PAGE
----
Natural Burial Adventure part 1
Dalton Wood, Cumbria.
This was the very first natural burial ground that we visited in the UK.
A 30 acre portion of a much much larger Estate that has been in the same family ownership for over 700 years.
When we arrived here the gate was locked (we found out later that it was only to guard against people dumping unwanted goods, all families still have access all the time). I was a little dismayed, wanting to explore, but not to be deterred Edwin, Joey and I climbed the style and into the grounds. There was a little stand with pamphlets within, we picked up one and started to go for a bit of a wander. Edwin called the number on the back of the pamphlet and 15 minutes later we were shaking hands with the owner of the entire estate -some 2000 acres.
Frances was delightful and more than willing to show us around and answer all of our questions.
This land had been natural woodland for as long as anyone can remember. Walking through the paths here, it was so pretty, still and quiet. There were birds, a breeze blowing through the trees and in true poetic style the sunlight struggled down between the branches. There was a softness to this place and a certain kind of reverence – a place so ancient and somehow lost in time. And here was Frances bringing such a lovely sense of life to the old woods with natural burial.
The tree roots are quite the challenge, the site is set out by grid and when it comes to digging a plot they move the plot a little to the side as needed. Every year the land is re-surveyed and the exact locations are recorded exactly on the master map which he updates through the year as burials occur. He has a grave digger, they dig with machinery as there is a fair content of rock in the ground, the rock gets removed but everything else is put back when the grave is filled.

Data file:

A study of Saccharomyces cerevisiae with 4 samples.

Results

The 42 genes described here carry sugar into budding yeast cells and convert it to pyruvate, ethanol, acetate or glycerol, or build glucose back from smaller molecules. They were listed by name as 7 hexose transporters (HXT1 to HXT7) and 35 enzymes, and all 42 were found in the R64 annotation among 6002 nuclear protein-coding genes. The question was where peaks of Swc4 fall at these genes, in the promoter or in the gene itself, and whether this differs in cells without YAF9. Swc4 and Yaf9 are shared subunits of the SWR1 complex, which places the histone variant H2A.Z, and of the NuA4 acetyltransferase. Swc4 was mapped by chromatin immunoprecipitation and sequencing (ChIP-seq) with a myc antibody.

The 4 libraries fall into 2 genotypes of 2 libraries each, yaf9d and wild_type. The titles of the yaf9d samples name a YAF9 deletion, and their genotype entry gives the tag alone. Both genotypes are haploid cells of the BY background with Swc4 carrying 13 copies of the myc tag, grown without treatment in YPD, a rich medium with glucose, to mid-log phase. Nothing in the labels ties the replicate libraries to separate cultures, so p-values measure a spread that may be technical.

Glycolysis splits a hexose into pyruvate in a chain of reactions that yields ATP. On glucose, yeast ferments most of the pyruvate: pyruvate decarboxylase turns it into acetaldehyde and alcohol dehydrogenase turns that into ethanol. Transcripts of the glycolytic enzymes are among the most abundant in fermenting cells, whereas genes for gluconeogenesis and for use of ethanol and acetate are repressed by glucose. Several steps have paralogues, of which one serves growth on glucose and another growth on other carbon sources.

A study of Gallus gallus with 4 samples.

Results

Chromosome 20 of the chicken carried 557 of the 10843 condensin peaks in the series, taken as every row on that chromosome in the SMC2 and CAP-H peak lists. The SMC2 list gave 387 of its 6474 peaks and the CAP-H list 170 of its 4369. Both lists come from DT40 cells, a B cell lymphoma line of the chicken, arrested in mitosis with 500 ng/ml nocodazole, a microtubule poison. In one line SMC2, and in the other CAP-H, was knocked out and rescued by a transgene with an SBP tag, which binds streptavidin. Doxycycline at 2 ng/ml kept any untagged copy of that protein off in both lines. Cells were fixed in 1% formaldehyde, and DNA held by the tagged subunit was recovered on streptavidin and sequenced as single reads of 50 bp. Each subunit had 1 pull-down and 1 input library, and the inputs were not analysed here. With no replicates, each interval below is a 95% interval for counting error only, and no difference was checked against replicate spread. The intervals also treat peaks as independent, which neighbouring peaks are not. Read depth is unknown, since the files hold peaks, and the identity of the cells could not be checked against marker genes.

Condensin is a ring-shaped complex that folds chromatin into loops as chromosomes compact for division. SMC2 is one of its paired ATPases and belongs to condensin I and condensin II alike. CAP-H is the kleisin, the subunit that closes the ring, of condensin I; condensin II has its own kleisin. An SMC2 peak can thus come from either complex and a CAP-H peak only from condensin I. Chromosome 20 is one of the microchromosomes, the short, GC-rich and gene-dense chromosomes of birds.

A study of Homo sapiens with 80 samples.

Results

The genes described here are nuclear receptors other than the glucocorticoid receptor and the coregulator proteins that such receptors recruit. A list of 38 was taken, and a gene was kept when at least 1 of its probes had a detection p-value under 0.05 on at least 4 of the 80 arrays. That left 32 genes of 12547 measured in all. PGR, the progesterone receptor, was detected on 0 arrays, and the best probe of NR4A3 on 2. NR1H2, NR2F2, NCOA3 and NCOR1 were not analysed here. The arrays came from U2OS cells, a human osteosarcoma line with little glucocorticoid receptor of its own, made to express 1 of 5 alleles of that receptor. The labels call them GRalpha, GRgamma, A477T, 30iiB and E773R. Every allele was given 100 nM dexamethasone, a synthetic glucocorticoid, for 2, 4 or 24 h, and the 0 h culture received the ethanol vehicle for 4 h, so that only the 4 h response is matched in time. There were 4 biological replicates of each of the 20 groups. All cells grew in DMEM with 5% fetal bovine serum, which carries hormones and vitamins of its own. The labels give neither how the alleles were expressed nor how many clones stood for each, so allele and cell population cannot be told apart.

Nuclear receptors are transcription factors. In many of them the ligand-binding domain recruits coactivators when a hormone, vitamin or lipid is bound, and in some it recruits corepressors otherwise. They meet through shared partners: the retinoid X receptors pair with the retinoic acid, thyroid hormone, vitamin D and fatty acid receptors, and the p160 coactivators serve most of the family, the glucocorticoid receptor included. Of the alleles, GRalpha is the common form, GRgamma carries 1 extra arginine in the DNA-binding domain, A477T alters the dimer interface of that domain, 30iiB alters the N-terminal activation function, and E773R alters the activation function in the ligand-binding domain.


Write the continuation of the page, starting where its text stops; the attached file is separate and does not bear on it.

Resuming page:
This burial ground allows markers, a flat stone – locally sourced slate rock to be precise – with a few lines of engraving that is placed on the head of the grave. The stones he says, are an important part of the ecology here as many insects, bugs and the like live under them. It is their habitat.
The graves are 1.5 x 3m in size and they generally go east to west (interestingly, this is quite traditional as Christian burials are done facing east). Wicker and willow coffins are allowed as are shrouds – natural fibers and contents are encouraged. The tried and not-so-true paper veneer particle board coffins (with the plastic handles) which are an industry mainstay, or the solid wood, stained with metal handles are not allowed.
What we were really encouraged by was that he allows the burials for family led funerals. He will always meet with a family, prior to a burial whether they chose a funeral director or not, but Dalton Wood is completely open to people who want to organise the funeral and burial themselves. He will assist a family and help them wherever he can.
As a business model, natural burial makes sense. It is socially responsible and ethical – not just for the environment but for people as well. It is an affordable and financially viable alternative to traditional burial but more than that, there are at-need costs of digging and interment fee are always paid at the time of burial (only the plot can be prepaid) and he can claim a kind of tax break/refund as he has the ongoing obligation to maintain the burial ground. The digging and interment fees are not expensive but they are a guaranteed future income source which as a business makes sense.
It felt really lovely to walk the paths in this woodland, just the three of us, often alone with our thoughts and the music of the birds to set our pace by. Certain trees here are marked with the red and white flag symbol – known all over Europe as the marker for walkers to say ‘this way’… and the peaceful feelings that we left with after having wandered under the thick and unbroken canopy of trees, such vibrant shades of green at every turn, through the moss covered rocks stones and untouched detritus made our time there so nourishing.
There is a rich ecosystem teeming with life under those trees and seeing how shallow depth natural burial is adding to this precious ecology was a real experience.
We walked away with some questions answered, more developing and also full of ideas and wonder about how this could work in the Australian bush.